I started reading this with excitement at the Victorian elements (I say elements because some of the language, at least to my mind, seems slightly out of place for the times they were meant) and the voice. There are some lovely aspects to this book, such as the growing tension and the doubts that began to spring up about different characters and their true motivations... but then as the pages turned, these doubts started to seem more like the result of writing that didn't quite make me believe. Until the end I had the feeling that Denbury might turn out to be using Natalie, given how their love just seemed to spring up out of his need for human interaction, as well as hers (she's a mute but can magically speak in his world).
The setting and plot are both very interesting, and very Dorian Grey-ish, but I found the key to Natalie's identity, as the ONE who could save Dorian, er, I mean, Denbury, a bit too.. well, Harry Potter-like. I won't give it away as it's found at the end of the story and might seem like a big spoiler, but it's pretty much Harry's key to survival and being the chosen one as well. I know it's been done way before Harry Potter, but it's the most obvious comparison at this point in time and while it seemed fresh and so pure and hopeful in Rowling's books, here it seems too easy, almost a Deus ex machina.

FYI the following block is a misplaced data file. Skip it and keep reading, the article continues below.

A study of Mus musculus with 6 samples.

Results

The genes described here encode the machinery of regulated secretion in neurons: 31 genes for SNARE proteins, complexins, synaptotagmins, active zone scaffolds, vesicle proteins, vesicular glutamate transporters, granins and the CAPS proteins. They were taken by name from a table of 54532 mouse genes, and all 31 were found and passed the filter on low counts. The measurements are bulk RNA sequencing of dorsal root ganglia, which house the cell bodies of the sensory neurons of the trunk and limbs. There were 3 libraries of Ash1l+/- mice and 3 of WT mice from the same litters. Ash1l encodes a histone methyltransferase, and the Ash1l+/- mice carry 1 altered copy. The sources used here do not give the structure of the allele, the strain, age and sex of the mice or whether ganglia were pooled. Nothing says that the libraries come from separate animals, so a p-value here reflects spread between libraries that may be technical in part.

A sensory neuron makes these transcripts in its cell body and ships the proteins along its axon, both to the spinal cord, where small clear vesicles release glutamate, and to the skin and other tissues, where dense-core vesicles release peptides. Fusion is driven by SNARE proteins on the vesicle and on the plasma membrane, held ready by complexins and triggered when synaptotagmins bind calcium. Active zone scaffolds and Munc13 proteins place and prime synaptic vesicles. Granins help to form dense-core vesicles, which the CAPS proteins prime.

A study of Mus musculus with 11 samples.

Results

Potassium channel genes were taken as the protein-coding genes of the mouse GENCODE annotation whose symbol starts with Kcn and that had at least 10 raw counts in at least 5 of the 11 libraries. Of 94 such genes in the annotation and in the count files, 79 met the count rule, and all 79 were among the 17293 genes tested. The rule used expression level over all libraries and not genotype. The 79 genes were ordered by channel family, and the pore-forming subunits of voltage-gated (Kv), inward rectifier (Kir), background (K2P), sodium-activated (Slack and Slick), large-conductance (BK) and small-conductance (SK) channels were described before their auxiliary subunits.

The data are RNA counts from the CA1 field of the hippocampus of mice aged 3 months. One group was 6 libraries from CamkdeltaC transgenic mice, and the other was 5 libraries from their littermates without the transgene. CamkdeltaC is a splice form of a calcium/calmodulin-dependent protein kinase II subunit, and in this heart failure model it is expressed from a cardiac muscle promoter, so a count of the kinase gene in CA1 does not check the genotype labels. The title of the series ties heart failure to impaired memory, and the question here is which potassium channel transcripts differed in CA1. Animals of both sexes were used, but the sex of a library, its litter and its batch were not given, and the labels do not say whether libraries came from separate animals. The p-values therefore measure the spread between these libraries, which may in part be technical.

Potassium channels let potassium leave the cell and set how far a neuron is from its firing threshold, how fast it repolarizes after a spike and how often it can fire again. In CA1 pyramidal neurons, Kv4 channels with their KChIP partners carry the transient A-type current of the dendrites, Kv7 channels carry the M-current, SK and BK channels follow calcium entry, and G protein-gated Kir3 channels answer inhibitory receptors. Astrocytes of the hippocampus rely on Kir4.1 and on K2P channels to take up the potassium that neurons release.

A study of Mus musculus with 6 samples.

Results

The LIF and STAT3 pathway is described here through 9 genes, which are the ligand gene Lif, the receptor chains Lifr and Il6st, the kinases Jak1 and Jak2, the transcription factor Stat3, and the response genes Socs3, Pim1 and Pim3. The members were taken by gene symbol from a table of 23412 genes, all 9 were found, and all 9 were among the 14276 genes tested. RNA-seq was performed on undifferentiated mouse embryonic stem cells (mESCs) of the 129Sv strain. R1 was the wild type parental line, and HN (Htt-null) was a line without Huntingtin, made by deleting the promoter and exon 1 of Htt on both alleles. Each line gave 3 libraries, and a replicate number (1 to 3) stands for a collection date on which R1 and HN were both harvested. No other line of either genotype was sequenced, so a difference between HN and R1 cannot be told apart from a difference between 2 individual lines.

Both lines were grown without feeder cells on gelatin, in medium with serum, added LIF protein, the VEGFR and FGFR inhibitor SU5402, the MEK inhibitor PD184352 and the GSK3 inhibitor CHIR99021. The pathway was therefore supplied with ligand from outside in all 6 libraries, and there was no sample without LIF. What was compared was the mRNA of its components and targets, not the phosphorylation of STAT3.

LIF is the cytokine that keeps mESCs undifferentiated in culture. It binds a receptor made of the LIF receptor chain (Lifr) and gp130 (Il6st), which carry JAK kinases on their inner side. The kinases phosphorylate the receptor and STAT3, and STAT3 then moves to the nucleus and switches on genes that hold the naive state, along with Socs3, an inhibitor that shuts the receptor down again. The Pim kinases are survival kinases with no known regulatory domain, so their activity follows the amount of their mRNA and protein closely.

I found Natalie's father's detachment of the whole business until the very end unbelievable. His attention to his only daughter seemed to wane as the book's action got heavier, and was always conveniently explained away (he's smoking a cigar in the other room, and thinks Natatlie's sketching YET ANOTHER corridor, or whatever).
I liked the idea of this story and some of the voice, but in the end I found it rather disappointing, mainly because the central relationship - Natalie and Denbury - was highly unbelievable and even though it's ended I STILL think he was using her... and Mrs. Northe seemed a little too good to be true with no real reason to be supporting Natalie. Also, as another reviewer on Amazon said, the mixture of Egyptian hieroglyphics and Christian symbolism and runes and dark magic is a giant "hot mess." None of it fit coherently together and felt like a big ol' mixed bag of "magic" that was lazily tossed into the pot.
The journal entry style was easy to read, but again, hard to believe within the world of this story. I get that she wanted to write down her thoughts since she wasn't speaking them, but really, you've just been kidnapped and you're writing in your journal? Hmm. Okay.
Interesting concept but it fell a little flat for me.